Ilhan Omar’s Allies Are Silent Following ‘Black Hawk Down’ Controversy
Congresswoman Ilhan Omar (D-MI) has faced a series of controversies over her statements about Israel, Jews, and even the 9/11 attacks. Each time, allies were quick to rally to her side. But they’ve been largely silent after the Investigative Project on Terrorism (IPT)’s revelation that she cast US soldiers as the bad guys in the 1993 Battle of Mogadishu, better known as the “Black Hawk Down” incident.
In response to a Twitter post calling the Mogadishu battle the “worst terrorist attack” in Somali history, because 19 American soldiers were killed and 73 wounded, Omar falsely claimed that the United States killed thousands.
“In his selective memory, [the writer] forgets to also mention the thousands of Somalis killed by the American forces that day! #NotTodaySatan,” Omar wrote in 2017, while still a Minnesota state legislator.
Her traditional allies such as the Council on American-Islamic Relations (CAIR), the Muslim Public Affairs Council (MPAC), fellow Congresswomen Rashida Tlaib (D-MI) and Alexandria Ocasio-Cortez (D-NY), and Islamist activist Linda Sarsour have said nothing.
The Women’s March held a #WeMarchWithIhlan Twitterstorm on Tuesday in Omar’s defense, but it was arranged before the IPT exposed the “Black Hawk Down” tweet. Those who posted, including Sarsour and CAIR San Francisco Bay Area Executive Director Zahra Billoo, made no effort to defend that specific post.
“The silence … is deafening,” said Zuhdi Jasser, president of the American Islamic Forum for Democracy. “Maybe it’s just because there is no way to publicly dismiss Americans and by association Muslims who love our military heroes.”
Jasser served as a Navy doctor on the USS El Paso at the time of “Black Hawk Down.”
“For them to face that will mean breaking their silence on her repulsive position on Operation Restore Hope,” he said, referring to a US mission to open humanitarian aid routes to Somalis facing a humanitarian crisis. Local warlords had been intercepting the aid. The Battle of Mogadishu started when the US tried to apprehend warlord Mohammed Farah Aidid.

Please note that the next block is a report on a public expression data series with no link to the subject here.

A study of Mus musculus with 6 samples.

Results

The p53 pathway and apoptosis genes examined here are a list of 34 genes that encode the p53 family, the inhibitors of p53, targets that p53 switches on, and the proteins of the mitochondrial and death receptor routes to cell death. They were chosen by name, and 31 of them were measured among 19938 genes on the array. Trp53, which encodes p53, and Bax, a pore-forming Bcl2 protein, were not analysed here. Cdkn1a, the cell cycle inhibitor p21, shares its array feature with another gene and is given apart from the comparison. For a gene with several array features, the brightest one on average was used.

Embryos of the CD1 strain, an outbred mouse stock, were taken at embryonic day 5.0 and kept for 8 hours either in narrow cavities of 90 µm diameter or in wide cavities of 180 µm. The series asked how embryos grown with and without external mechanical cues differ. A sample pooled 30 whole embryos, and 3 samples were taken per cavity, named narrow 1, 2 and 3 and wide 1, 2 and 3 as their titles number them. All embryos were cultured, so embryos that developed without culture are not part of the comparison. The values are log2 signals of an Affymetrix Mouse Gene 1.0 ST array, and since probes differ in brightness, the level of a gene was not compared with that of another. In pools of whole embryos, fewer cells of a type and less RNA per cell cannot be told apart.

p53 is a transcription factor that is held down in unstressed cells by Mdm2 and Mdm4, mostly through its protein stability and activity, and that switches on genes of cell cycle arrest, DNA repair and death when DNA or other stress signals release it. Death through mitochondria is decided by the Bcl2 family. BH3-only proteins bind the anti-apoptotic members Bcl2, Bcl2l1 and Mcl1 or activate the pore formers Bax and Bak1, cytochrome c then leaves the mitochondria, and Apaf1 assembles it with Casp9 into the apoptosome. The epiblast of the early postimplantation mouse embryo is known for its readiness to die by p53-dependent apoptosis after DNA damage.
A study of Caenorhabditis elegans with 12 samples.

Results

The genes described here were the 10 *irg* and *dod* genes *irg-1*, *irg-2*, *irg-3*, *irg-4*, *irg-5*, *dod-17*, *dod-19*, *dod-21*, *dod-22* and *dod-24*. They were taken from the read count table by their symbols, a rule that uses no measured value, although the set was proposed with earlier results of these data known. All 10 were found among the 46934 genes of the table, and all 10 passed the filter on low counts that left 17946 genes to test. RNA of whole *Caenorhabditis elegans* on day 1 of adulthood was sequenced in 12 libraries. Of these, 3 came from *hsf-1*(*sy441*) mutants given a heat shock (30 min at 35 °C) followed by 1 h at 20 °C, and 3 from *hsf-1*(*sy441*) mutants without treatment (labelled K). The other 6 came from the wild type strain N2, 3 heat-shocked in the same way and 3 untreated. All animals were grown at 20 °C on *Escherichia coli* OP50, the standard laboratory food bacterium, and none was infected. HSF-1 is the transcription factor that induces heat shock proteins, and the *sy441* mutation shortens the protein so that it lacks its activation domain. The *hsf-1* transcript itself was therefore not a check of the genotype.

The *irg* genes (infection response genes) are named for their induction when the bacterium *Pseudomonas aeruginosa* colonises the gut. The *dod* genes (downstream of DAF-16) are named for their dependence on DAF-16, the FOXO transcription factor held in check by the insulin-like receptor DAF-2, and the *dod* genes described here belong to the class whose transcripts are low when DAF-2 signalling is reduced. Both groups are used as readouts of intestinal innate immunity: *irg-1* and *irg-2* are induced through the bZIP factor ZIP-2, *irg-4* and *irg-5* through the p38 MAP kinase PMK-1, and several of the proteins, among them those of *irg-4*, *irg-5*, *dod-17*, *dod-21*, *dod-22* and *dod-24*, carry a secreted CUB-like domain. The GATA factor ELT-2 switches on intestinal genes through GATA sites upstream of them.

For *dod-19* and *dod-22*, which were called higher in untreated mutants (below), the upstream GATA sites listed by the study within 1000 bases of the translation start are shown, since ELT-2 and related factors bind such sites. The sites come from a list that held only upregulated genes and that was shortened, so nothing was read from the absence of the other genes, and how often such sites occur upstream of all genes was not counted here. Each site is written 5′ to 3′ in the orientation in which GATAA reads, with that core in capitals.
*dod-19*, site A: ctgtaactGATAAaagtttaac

In previous cases, allies tried to rebut criticism about Omar’s statements by claiming she said nothing wrong, or that the controversies were contrived and driven by Islamophobia, racism, and sexism. The IPT story generated plenty of attention on social media and was covered by news outlets including FoxNews.com, The Daily Mail, The New York Post, and The International Business Times.
Media Matters published an article on April 10 defending comments Omar made at a CAIR California banquet. Many people felt her statement that “some people did something” in the 9/11 attacks minimized the significance of the al-Qaeda attack on America.
Thus far, Media Matters has been silent about Omar’s unearthed “Black Hawk Down” comments.
And “Black Hawk Down” veterans denounced Omar. Retired Chief Warrant Officer Mike Durant, the only surviving pilot from the “Black Hawk Down” operation, criticized Omar, telling the IPT that she completely ignored the humanitarian nature of the American mission in Somalia in 1993, and the fact that US troops were forced to defend themselves.
Fellow Battle of Mogadishu veteran Sgt. Maj. Kyle Lamb backed up Durant. He said he took Omar’s tweet personally because he and his colleagues saw their friends’ bodies dragged through the streets of Mogadishu.
“We were trying to take out Aidid because he was a clan leader … that had kind of taken over [Mogadishu],” Lamb said on Fox News. “They were taking the food, any of the aid that we were giving to Somalia, also weapons and they were running drugs.”
A Somali official estimated that 133 Somali militiamen died in the fighting with US Rangers and Delta Force soldiers. Journalist Mark Bowden, author of the definitive account of the Battle of Mogadishu, Black Hawk Down: A Story of Modern War, estimated 500 Somali deaths. Others put the Somali death toll closer to 1,000. A 2000 Rand Corporation report estimated 300 noncombatants were killed.
No credible estimate is anywhere close to Omar’s “thousands.”
The Minnesota Veterans of Foreign Wars (VFW) also condemned Omar, saying the tweet indicates a high degree of anti-Americanism.
“Personally, I find what she said appalling,” Minnesota VFW Commander Tom Hanson told the IPT. “I have real difficulty with her saying what she says about our military.”
Dov Hikind, a former Democratic New York State Assemblyman, shares the VFW’s view that Omar has “a real problem with this country” and what it stands for.
“She’s going to continue to do things and say things that cross the line,” Hikind said. “I’m concerned as someone who has been a Democrat all of my life and a member of the New York State Legislature. … I’m embarrassed and shocked by the way the Democratic Party is behaving with all of this.”
John Rossomando is a senior analyst at The Investigative Project on Terrorism.